Newly released statistics illustrate that 2017 brought continued False Claims Act enforcement.

The Department of Justice announced that it recovered more than $3.7 billion from all False Claims Act cases in fiscal year 2017. The government's total exceeded $3 billion from FCA matters for the eighth year in a row, and the figure has exceeded $1 billion for 17 of the last 18 years.

Beyond the continued massive recoveries, DOJ's statistics also reveal other notable trends. First, while slightly less than 2016, the total recovery exceeded 2015, 2013, and every year prior to 2012. Thus, while certain years have dipped, the general trend has remained a continual increase.

Second, the health care sector again represented the majority of recoveries. This year, $2.4 billion in settlements and judgments involved the health care industry, including drug companies, laboratories, hospitals, pharmacies, and physicians.

Third, qui tam whistleblowers continue to drive the FCA enforcement agenda. Of the $3.7 billion total, approximately $3.4 billion came from cases initiated by qui tam relators. And significantly, relators initiated 675 of the 800 new matters (84 percent) in FY 2017.

Fourth, fiscal year 2017 was the largest year ever for recoveries in cases where the government declined to intervene. With increased frequency, relators now are willing to pursue cases on their own. As a result, while convincing the government to decline to intervene in an FCA matter continues to be an important step in the life of the case, it is only an initial step (a newly released DOJ memo could result in the government exercising its little-used authority to dismiss cases when it declines to intervene, but that remains to be seen). FCA defendants must prepare themselves to continue to vigorously defend cases throughout the litigation.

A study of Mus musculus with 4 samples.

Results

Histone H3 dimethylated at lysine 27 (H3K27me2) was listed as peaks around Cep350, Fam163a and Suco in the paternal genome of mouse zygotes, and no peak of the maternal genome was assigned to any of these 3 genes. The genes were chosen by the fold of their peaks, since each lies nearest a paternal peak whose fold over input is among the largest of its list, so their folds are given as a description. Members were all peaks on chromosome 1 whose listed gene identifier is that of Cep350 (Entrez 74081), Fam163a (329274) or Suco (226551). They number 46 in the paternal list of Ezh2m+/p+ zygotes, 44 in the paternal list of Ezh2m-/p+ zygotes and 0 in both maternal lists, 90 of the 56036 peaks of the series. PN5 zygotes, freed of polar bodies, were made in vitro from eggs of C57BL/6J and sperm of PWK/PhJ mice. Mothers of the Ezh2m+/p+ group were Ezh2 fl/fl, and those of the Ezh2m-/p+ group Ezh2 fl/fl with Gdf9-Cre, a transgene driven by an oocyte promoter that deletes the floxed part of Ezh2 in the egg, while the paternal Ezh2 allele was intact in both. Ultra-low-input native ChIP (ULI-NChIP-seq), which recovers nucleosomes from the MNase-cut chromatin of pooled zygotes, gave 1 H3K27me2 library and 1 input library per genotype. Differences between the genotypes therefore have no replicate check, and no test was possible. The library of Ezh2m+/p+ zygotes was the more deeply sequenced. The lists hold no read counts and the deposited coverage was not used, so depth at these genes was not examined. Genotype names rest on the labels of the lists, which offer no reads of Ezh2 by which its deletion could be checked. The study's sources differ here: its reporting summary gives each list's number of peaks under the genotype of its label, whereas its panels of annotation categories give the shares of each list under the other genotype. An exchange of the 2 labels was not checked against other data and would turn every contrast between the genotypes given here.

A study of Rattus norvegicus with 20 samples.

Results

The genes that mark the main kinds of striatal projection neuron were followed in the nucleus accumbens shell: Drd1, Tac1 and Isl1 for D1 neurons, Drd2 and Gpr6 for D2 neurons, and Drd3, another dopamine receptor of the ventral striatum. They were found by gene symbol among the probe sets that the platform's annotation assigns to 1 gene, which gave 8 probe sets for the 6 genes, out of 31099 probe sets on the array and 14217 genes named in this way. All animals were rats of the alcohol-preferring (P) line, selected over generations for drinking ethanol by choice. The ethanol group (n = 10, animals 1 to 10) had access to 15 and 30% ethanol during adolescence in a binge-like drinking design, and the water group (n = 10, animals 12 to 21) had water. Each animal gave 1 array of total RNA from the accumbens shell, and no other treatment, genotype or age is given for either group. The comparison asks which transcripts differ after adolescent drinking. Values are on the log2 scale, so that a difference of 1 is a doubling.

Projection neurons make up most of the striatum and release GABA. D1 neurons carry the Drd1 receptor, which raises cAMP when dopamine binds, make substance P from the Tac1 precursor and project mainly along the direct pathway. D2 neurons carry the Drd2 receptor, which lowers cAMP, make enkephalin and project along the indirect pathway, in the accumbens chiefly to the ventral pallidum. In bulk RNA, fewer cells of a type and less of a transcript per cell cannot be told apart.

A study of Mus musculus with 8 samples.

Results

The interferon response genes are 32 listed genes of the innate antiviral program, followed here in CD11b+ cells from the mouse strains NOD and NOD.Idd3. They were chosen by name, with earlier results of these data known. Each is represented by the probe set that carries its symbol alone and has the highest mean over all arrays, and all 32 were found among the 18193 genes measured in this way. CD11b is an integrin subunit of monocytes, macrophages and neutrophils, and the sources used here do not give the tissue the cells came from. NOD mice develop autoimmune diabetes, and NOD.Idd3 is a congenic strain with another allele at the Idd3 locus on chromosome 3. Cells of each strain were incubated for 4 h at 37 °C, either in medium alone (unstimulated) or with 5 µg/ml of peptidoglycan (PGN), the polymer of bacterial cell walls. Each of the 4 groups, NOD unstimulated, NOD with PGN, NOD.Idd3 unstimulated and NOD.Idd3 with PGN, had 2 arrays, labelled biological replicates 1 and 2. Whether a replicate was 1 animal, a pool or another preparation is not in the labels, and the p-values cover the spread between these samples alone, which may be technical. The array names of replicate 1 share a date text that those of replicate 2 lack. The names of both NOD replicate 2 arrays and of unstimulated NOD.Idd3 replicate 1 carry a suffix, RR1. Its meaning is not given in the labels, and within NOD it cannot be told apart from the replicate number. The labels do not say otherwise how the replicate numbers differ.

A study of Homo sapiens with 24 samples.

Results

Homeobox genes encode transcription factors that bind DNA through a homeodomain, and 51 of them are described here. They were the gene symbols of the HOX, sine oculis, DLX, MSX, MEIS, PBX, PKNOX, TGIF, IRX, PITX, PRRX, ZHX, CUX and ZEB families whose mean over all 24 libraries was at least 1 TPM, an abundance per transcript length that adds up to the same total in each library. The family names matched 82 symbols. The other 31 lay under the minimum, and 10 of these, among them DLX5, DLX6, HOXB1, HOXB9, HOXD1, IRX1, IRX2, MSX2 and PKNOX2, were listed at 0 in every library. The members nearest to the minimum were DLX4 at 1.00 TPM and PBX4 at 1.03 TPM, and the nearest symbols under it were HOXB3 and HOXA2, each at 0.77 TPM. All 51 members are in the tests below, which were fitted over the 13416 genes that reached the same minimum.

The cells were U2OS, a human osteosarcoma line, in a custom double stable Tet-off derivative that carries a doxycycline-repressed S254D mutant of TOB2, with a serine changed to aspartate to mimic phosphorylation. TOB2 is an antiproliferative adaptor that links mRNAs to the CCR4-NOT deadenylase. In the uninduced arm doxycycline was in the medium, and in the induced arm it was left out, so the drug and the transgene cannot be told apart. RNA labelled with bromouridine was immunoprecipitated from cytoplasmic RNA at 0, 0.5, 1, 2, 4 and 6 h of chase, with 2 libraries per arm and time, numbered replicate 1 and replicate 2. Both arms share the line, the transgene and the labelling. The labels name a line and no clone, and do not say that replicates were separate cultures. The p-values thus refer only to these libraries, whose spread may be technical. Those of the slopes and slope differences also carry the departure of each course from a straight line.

Fifth, given the statistics, prior pronouncements that the change in presidential administration would quickly bring a significant decline in False Claims Act activity appear to have been premature.

Looking forward, companies will need to remain ever-mindful of the potential that an FCA matter, no matter the merits, could create massive risk, regardless of which political party occupies the White House. As such, defendants will need to continue to look for ways to aggressively defend against FCA actions, which are requiring ever-more-innovative advocacy both inside and outside the courtroom.